A Presupper Considers Intelligent Design

Posted: August 9, 2014 in On the Classical Arguments

Something’s been on my mind lately:

As a Calvinist, and more specifically, as a Calvinist in the Van Tillian tradition, I can no longer endorse the “Intelligent Design” argument, most notably, Dr. William Dembski’s “Intelligent Design as a paradigm of information theory”.

To understand this, consider the following illustration:

An archaeologist finds mounds of dirt in the woods and wants to determine if they are the result of natural processes or human involvement (intelligent design). What is the standard by which he will judge the difference?

This is where intelligent design folks (like Dr. Dembski) step in. Calling themselves “design theorists” they want to study the differences between phenomenon that have been created randomly (either by chance, or by natural law), and phenomenon that have been created by intelligent design.

They compare the two, and decide that intelligently designed phenomenon have, what they’re calling “specified complexity” (meaning: the phenomenon has been created according to some improbable, specific, pattern).

All well and good up to this point, right? Even the rabid materialist, who cannot (for the life of him) allow a God to sneak into his explanatory theories, must admit that the Archaeologist, to do his job at all, must be able to distinguish between natural mounds, and man-made burial mounds (or between arrow heads and rocks that simply look like arrow heads). This sort of determination is found in many different fields of study, from archaeology to forensic investigations.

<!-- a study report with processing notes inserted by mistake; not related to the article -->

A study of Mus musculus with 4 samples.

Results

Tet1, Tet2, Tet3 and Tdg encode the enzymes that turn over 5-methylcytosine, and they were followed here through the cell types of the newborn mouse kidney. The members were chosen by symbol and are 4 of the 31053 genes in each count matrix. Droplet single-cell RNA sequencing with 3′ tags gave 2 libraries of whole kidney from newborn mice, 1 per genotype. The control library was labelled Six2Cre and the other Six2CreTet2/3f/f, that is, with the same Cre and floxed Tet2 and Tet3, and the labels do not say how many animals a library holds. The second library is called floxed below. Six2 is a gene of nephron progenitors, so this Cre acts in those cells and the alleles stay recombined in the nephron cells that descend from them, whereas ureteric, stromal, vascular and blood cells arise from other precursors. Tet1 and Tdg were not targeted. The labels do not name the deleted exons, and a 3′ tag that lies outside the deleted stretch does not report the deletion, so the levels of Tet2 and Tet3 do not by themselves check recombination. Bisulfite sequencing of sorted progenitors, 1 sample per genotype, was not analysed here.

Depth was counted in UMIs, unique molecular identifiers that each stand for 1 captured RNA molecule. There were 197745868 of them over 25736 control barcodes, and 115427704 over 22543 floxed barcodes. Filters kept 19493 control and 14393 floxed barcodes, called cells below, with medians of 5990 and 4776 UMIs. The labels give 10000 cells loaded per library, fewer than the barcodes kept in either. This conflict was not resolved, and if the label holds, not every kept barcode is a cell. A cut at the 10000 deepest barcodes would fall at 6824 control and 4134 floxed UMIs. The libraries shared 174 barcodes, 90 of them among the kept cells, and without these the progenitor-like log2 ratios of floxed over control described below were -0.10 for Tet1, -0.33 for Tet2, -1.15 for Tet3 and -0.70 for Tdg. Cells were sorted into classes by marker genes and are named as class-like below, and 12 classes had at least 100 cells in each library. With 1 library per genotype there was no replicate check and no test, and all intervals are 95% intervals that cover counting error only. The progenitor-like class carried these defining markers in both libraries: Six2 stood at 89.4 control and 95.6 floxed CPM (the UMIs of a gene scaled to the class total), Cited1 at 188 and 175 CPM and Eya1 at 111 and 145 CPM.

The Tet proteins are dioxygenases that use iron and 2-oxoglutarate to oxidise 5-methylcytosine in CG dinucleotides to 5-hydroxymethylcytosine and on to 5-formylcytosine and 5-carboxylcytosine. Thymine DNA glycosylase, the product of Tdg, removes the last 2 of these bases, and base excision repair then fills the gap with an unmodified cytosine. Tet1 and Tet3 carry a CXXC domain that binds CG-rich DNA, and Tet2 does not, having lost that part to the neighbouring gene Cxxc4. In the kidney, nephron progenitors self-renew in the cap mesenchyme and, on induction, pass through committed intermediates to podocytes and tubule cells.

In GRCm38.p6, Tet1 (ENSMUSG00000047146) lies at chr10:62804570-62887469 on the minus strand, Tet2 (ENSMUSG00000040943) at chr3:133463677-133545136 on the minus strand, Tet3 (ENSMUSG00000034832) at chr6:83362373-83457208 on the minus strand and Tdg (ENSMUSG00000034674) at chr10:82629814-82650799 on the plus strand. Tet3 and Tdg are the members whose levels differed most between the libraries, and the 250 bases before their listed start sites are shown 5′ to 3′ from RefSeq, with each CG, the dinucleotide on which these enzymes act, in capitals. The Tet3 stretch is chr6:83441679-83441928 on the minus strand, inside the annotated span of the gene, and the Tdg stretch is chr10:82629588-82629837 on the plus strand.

The problem is when the intelligent design advocate looks around him to the universe, and nature at large, to find this “specified complexity” (and thus: proof that nature, itself, was intelligently designed).

At first blush, this sounds exciting for the Christian. But after some initial thought on the matter, I have to reject it.

As a Calvinist, I believe (along with the Westminster Confession of Faith), that God foreordains “whatsoever comes to pass” – including, for instance, the path a particular river will take, or the motion of a leaf as it falls to the ground from a tree.

And no intelligent design advocate that I know of, has found “specified complexity” in the path of a river.

On my view, *EVERYTHING* is intelligently designed, even those phenomena that do not exhibit Dr. Demski’s (somewhat arbitrarily-chosen) characteristics of specified complexity.

So while I respect “intelligent design” as an information theory to inform us about second-order creation events (ie: the building of burial mounds or the making of arrow heads), I don’t think it can be coherently applied to nature at large.